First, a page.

Bar (music)


Bar (music)
Types of bar-lines

In musical notation, a bar (or measure) is a segment of time defined by a given number of beats of a given duration. Typically, a piece consists of several bars of the same length, and in modern musical notation the number of beats in each bar is specified at the beginning of the score by the top number of a time signature (such as 3/4).

The word bar is more common in British English, while the word measure is more common in American English, although musicians generally understand both usages. In American English, although the words bar and measure are often used interchangeably the correct use of the word 'bar' refers only to the vertical line itself, while the word 'measure' refers to the beats contained between bars.[1] In international usage, it is equally correct to speak of bar numbers and measure numbers, e.g. ‘bars 9–16’ or ‘mm. 9–16’. Along the same lines, it is wise to reserve the abbreviated form ‘bb. 3–4’ etc. for beats only; bars should be referred to by name in full.

The first metrically complete measure within a piece of music is called ‘bar 1’ or ‘m. 1’. When the piece begins with an upbeat (an incomplete measure at the head of a piece of music), ‘bar 1’ or ‘m. 1’ is the following measure.

Contents

Bar

Originally, the word bar derives from the vertical lines drawn through the staff to mark off metrical units and not the bar-like (i.e., rectangular) dimensions of a typical measure of music. In British English, these vertical lines are called bar, too, but often the term bar-line is used in order to make the distinction clear. In American English, the word bar stands for the lines and nothing else. A double bar-line (or double bar) can consist of two single bar-lines drawn close together, separating two sections within a piece, or a bar-line followed by a thicker bar-line, indicating the end of a piece or movement. Note that the term double bar refers not to a type of bar (i.e., measure), but to a type of bar-line. Another term for the bar-line denoting the end of a piece of music is music end.[2]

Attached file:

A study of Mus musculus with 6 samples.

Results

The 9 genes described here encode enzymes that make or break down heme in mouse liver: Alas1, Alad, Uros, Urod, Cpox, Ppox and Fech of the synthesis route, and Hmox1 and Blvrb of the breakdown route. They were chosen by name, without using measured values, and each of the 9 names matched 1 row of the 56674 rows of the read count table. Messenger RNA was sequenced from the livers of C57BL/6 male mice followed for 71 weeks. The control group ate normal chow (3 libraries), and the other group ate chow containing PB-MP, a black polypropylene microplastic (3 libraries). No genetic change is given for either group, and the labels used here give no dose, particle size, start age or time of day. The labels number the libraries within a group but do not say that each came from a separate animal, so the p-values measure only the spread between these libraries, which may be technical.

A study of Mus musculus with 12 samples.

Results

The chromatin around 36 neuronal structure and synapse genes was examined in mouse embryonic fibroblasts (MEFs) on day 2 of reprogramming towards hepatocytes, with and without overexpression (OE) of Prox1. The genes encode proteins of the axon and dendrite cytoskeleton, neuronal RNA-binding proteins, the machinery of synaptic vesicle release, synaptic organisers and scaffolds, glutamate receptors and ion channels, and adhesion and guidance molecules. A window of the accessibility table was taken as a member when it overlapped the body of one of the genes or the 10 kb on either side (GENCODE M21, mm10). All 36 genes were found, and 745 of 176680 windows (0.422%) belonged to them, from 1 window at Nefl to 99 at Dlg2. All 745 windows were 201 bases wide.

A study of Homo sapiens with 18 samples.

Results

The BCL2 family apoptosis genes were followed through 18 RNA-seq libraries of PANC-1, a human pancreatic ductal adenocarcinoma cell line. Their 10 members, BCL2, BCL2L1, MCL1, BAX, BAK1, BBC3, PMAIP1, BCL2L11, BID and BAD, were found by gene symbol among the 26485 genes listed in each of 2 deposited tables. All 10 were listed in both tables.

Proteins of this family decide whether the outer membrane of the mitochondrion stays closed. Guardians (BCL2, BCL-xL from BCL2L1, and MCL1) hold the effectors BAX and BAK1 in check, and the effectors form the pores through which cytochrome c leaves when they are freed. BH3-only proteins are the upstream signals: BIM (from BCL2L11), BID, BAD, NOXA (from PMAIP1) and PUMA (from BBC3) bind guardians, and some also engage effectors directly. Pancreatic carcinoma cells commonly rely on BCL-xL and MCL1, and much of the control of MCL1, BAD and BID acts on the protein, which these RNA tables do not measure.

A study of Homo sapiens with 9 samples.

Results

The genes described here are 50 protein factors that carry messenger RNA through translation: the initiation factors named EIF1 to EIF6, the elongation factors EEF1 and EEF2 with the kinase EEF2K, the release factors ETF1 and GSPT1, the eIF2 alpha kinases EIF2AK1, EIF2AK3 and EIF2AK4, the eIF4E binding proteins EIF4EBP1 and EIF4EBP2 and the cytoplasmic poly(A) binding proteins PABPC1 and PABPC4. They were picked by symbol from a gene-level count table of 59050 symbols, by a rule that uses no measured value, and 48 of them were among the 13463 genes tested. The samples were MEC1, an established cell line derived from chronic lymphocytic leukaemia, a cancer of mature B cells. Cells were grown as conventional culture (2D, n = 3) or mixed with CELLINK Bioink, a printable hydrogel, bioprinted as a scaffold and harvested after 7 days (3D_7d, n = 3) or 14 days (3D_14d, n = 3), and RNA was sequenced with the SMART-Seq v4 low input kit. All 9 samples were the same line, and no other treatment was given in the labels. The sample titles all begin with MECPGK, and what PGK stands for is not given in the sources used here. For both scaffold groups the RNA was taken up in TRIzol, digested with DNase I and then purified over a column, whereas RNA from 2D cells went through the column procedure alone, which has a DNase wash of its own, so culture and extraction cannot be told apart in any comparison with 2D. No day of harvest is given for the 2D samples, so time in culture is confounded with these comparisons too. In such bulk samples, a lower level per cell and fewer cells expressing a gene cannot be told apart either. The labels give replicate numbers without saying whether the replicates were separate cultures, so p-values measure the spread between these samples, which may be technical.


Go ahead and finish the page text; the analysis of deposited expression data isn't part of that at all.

A repeat sign (or, repeat bar-line[3]) looks like the music end, but it has two dots, one above the other, indicating that the section of music that is before is to be repeated. The beginning of the repeated passage can be marked by a begin-repeat sign; if this is absent the repeat is understood to be from the beginning of the piece or movement. This begin-repeat sign, if appearing at the beginning of a staff, does not act as a bar-line because no bar is before it; its only function is to indicate the beginning of the passage to be repeated.

In music with a regular meter, bars function to indicate a periodic agogic accent in the music, regardless of its duration. In music employing mixed meters, bar-lines are instead used to indicate the beginning of rhythmic note groups, but this is subject to wide variation: some composers use dashed bar-lines, others (including Hugo Distler) have placed bar-lines at different places in the different parts to indicate varied groupings from part to part.

The bar line is much, much more than a mere accent, and I don't believe that it can be simulated by an accent, at least not in my music.

Bars and bar-lines also indicate grouping: rhythmically of beats within and between bars, within and between phrases, and on higher levels such as meter.

Hypermeasure

Hypermeter: 4 beat measure, 4 measure hypermeasure, and 4 hypermeasure verses. Hyperbeats in red.

A hypermeasure, large-scale or high-level measure, or measure-group is a metric unit in which, generally, each regular measure is one beat (actually hyperbeat) of a larger meter. Thus a beat is to a measure as a measure/hyperbeat is to a hypermeasure. Hypermeasures must be larger than a notated bar, perceived as a unit, consist of a pattern of strong and weak beats, and along with adjacent hypermeasures, which must be of the same length, create a sense of hypermeter. The term was coined by Edward T. Cone in Musical Form and Musical Performance (New York: Norton, 1968).[5]

See also

Sources

  1. ^ Read, Gardner. (1979) Music Notation: A Manual of Modern Practice, 2nd ed., New York: Taplinger Publishing Company, p.183.
  2. ^ http://www.dolmetsch.com/musicalsymbols.htm − Chart of Musical Symbols
  3. ^ Nickol, Peter (2008). Learning to Read Music, p.105. ISBN 1845282787.
  4. ^ Winold, Allen (1975). "Rhythm in Twentieth-Century Music", Aspects of Twentieth-Century Music. Wittlich, Gary (ed.). Englewood Cliffs, New Jersey: Prentice–Hall. ISBN 0-13-049346-5.
  5. ^ Stein, Deborah (2005). Engaging Music: Essays in Music Analysis, p.18-19 and "Glossary", p.329. New York: Oxford University Press. ISBN 0-19-517010-5.

Further reading

  • Cone, Edward T. (1968). Musical Form and Musical Performance. ISBN 0393097676.